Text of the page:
The nature of policy work depends on the context – the context has been changing in the last
decade. This chapter reviews the key forces underpinning this change: globalization, political
culture, and governance.
Public policy: a course of action inaction undertaken by public authorities to address a problem or
interrelated set of problems.
Policy analysis: disciplined application of intellect to public problems
In Canada, as elsewhere, the impact of the new economic order, the information revolution and
the growing populist demand for greater public participation as a means of solving problems is
being felt in virtually every sector and in every areas of government activity.
There are three powerful undercurrents beneath the waves of political turmoil and policy reversal
evident in Canada and throughout the industrialized world;. They are globalization, shifts in
political culture, and new ideas about governance and public management.
Thomas Friedman – globalization is the overarching international system shaping domestic
politics and foreign relations of virtually every country. It is a dynamic process that involves
inexorable integration of markets, nation-states and technologies. Its driving idea is free market
capitialsim – which alls global economic forces to penetrate domestic economies.
It has its own dominant culture – largely American/western, has its own international balaice of
power – between nation states.
Recognizes that people live in communities that are deeply rooted and will bend only so far in the
face of global economics and cultural forces.
Scholte – recognizes four ‘cul-de-sacs’ in conceptualizing globalization: internationalization,
liberalization (removing restrictions between countries) universalization, and westernization. –
argues that ideas only built on these conceptions fail to understand that these have existed long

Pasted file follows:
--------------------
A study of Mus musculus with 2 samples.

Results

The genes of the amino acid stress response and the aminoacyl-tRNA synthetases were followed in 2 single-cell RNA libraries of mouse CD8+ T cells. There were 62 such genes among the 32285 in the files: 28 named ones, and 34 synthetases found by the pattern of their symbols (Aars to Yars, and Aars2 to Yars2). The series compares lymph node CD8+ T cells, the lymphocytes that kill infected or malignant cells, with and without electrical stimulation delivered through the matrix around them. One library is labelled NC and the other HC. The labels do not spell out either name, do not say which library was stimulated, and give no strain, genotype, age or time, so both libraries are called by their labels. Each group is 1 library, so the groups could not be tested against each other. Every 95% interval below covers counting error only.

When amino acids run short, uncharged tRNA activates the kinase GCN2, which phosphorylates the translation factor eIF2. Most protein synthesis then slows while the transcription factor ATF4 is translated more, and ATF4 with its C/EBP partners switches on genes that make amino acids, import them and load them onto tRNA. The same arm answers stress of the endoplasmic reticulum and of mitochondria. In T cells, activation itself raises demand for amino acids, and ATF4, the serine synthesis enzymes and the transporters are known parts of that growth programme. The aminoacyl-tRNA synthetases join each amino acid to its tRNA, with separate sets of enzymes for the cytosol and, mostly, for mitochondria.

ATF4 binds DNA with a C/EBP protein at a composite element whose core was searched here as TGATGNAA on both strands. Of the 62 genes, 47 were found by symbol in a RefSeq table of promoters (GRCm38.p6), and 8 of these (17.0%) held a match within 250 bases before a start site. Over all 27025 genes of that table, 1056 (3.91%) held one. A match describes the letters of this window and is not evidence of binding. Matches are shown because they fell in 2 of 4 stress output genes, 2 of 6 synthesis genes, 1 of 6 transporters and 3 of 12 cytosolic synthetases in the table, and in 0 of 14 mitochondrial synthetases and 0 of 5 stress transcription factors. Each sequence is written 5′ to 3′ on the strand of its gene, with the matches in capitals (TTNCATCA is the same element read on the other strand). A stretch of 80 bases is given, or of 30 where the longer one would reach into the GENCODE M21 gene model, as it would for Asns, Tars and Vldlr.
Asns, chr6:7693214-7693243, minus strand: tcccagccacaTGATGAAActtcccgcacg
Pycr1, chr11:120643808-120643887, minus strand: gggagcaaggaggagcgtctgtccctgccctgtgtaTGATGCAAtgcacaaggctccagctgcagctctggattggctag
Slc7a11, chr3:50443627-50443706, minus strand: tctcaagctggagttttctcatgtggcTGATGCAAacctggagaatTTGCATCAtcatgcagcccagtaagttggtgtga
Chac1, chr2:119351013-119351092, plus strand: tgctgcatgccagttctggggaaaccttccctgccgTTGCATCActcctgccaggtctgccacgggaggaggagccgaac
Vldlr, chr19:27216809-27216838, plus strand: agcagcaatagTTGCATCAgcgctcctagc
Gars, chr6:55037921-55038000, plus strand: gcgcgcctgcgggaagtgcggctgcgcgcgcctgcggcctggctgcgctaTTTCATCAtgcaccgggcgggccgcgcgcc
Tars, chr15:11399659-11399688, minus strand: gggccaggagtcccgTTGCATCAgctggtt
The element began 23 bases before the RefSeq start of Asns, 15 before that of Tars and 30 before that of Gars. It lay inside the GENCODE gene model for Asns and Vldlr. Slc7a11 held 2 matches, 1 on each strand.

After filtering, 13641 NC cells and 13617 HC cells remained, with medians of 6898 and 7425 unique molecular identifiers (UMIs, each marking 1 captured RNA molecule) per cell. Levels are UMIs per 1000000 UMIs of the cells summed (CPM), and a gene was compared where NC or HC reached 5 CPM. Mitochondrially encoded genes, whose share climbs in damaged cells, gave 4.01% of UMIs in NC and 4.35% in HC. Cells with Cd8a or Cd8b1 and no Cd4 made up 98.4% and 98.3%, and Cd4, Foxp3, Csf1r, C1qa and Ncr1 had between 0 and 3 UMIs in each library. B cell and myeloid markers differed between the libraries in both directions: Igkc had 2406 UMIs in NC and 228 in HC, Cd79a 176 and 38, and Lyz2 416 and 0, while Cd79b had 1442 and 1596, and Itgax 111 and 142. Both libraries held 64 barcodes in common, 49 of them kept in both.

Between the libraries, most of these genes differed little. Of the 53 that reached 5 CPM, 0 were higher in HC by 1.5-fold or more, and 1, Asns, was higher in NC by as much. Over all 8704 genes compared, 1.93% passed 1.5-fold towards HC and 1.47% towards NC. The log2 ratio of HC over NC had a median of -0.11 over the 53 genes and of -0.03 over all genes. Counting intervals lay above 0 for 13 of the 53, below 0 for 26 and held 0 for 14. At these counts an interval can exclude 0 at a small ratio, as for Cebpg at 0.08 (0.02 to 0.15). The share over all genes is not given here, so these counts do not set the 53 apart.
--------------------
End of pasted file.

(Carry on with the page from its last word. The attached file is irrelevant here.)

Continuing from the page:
before modern globalization officially existed.
Globality – the sense that the entire planet is a single social sphere. Contemporary globalization is
defined by globality, which in turn is defined by information and communications technologies
and the Internet.
We explore contemporary globalization in terms of five ‘scapes’: ethnoscapes (movement of
people) technoscapes (internet etc) fincancescapes (financial flows) mediascapes (global media
coverage) ideoscapes (flow of ideologies) – globality is the sense that these scapes – despite their
heterogeneity – merge seamlessly and simultaneously in an almost ordinary way.
There has been a major economic transformation in the past 50 years – development of
international trading system (GATT, WTO, IMF) – the long ward trend has been of world trade
steadily upwards (including immigration)
Trans-national Corporations: an economic dimension of globalization (not in themselves new –ex
hudsons bay co.) different about new ones is that their commercial interests are primary, they
operate across the globe, and their national home base is relatively unimportant.
Final aspect of economic globalization is the increase in capital flows and mobility – millions if
individuals now invest in stocks, bonds, and currencies.